Herodotus locates the Sauromatai to the east of the Scythians - the boundary being the river Tanais (Don).
"They inhabit a territory beginning from the northern tip of Lake Maiotis (Sea of Azov), and extending fifteen days' journey towards the north. All this land is bare of trees."
The "Grass Sea" where the Sarmatians lived. It stretched from the Sea of Azov to the Altai mountains.
According to Herodotus, they originated from young Scythian men mating with Amazons - he has a romantic story of how this came about! There were female warriors among the Sauromatai, just as Herodotus says - attested by weapons found in female graves. The Sauromatai allied with the Scythians to oppose Darius' attempt at conquest.
From around 250 BC, The Sarmatians, over the next centuries, began moving west and almost completely displaced the Scythians, eventually ruling a vast area from the Don to the Danube. This movement could well have been a consequence of Alexander's conquests in Central Asia. Another factor was the Sarmatians' superior weaponry: their warriors had longer swords and spears, and were protected by body armour. Their cavalry's shock tactics would have been comparable with that of the Parthians.
Sarmatians and their horses in armoured suits, depicted on Trajan's Column, Rome
They adopted and adapted much of Scythian culture, though. Sarmatian barrows contain gold objects with animal imagery very similar to that of the Scythians.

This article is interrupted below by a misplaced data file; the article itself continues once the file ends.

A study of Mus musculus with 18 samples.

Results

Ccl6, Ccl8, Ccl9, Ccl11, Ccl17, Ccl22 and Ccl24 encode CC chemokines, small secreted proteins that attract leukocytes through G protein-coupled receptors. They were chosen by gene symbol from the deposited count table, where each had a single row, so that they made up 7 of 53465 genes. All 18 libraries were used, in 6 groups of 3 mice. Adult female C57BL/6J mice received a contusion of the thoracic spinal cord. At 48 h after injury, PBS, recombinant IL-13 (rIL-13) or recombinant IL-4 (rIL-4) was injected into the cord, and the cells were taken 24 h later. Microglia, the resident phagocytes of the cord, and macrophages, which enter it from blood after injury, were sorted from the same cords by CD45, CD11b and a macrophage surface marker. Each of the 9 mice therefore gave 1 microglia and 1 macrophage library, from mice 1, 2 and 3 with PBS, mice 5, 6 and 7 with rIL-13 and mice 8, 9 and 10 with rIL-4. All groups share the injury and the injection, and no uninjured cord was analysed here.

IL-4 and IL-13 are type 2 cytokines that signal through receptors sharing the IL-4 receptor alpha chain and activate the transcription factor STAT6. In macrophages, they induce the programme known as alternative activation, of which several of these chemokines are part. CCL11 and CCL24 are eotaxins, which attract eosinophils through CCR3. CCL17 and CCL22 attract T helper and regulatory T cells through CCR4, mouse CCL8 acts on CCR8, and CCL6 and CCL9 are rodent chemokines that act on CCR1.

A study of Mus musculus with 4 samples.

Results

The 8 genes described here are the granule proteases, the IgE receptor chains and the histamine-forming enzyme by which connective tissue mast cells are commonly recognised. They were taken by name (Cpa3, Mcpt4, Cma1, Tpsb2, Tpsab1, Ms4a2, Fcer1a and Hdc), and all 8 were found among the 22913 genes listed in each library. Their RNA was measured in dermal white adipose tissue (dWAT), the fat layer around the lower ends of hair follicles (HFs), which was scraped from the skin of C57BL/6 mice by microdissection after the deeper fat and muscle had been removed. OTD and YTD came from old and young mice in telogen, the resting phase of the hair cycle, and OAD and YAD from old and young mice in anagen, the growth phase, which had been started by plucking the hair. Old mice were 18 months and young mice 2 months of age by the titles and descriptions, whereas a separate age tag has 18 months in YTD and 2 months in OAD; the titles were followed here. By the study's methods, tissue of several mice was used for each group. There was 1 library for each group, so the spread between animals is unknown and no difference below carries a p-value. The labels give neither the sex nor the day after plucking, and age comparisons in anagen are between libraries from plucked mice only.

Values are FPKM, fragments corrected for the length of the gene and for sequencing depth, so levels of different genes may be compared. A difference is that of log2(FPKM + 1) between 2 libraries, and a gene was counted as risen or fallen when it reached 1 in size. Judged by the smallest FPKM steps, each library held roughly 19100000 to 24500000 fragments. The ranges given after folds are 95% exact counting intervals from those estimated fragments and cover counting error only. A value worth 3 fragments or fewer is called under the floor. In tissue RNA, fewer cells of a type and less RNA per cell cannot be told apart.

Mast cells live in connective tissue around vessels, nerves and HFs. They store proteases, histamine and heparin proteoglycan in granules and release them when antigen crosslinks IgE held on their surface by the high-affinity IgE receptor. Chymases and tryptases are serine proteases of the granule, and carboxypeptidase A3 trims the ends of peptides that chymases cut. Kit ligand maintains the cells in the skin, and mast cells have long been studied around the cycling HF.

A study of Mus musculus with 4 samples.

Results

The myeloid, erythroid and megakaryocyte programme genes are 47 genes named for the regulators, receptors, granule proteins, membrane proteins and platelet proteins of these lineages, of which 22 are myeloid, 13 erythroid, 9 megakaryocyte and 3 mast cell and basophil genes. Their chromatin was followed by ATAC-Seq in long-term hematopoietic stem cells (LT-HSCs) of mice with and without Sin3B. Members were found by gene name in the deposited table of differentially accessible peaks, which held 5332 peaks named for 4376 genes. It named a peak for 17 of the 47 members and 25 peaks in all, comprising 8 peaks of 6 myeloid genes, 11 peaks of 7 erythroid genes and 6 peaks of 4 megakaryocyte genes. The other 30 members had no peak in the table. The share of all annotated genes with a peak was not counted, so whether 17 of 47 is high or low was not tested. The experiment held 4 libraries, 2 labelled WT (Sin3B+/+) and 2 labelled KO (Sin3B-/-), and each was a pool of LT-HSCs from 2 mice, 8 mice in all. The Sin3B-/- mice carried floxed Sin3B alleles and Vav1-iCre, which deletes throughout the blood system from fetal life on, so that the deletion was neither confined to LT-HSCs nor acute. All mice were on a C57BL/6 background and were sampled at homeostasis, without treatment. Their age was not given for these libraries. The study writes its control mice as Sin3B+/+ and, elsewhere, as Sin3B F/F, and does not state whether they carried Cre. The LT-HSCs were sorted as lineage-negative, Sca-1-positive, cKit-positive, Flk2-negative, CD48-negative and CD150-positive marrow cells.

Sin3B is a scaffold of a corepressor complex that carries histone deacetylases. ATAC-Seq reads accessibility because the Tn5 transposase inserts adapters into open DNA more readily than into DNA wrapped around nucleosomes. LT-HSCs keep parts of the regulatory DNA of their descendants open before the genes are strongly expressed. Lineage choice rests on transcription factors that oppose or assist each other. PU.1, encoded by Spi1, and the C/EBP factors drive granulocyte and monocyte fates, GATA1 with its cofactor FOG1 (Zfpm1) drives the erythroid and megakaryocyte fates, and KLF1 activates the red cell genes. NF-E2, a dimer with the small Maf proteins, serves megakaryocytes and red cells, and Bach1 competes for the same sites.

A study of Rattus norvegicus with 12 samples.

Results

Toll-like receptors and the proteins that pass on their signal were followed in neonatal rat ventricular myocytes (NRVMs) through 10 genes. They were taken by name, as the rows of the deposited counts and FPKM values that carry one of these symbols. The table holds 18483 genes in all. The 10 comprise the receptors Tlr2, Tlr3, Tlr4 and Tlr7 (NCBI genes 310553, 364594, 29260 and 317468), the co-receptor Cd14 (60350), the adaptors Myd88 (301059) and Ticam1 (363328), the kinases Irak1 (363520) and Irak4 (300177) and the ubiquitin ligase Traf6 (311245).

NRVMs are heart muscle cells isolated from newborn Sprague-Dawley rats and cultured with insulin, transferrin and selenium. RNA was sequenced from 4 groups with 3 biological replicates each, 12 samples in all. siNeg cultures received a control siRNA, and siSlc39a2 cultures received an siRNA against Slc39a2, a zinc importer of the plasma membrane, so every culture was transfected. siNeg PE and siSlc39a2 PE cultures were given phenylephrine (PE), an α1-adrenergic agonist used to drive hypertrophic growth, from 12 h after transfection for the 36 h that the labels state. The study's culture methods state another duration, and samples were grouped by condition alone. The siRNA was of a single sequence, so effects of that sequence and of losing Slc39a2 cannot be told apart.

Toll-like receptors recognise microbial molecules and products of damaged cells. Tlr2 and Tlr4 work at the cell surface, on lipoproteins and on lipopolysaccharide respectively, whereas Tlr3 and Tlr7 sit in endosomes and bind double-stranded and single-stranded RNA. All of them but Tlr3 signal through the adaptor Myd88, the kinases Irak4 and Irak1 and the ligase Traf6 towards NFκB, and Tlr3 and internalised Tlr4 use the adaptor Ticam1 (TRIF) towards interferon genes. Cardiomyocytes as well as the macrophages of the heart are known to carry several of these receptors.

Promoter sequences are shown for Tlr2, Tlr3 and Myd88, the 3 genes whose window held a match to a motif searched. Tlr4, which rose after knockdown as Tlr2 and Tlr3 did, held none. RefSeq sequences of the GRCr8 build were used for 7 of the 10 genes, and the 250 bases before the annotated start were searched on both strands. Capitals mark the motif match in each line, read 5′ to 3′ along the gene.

There were two main branches of the Sarmatians, the Roxolani and the Iazyges. The Iazyges, moving further west from the Danube estuary (where Ovid mentions them) threatened Dacia and Pannonia. After military setbacks, they became clients of the Romans under Trajan - though later they allied with the German Marcomanni against Rome. A contingent of 5000 cavalrymen of the Iazyges was sent to Britain by Marcus Aurelius to guard Hadrian's Wall (after AD 175). The Roxolani, defeated by Rome also became clients, but later joined the Goths in their raids into the empire.
The Sarmatian dominance was progressively eroded by encroaching Germanic tribes. Some were settled in the Roman empire, some were absorbed by their German neighbours, some were pushed back into the Caucasus. Their territory was inherited by the Huns in the 4th century AD.
Sarmatia (in Polish Sarmacja) was a name for Poland that was fashionable into the 18th century. The Polish nobility affected to believe in their descent from the Iranian nation that had occupied parts of eastern Europe in ancient times - a belief that also influenced the aristocracy in other Slavic states: perhaps the derivation of "slave" from Slav encouraged them to look for a more appealing genealogy.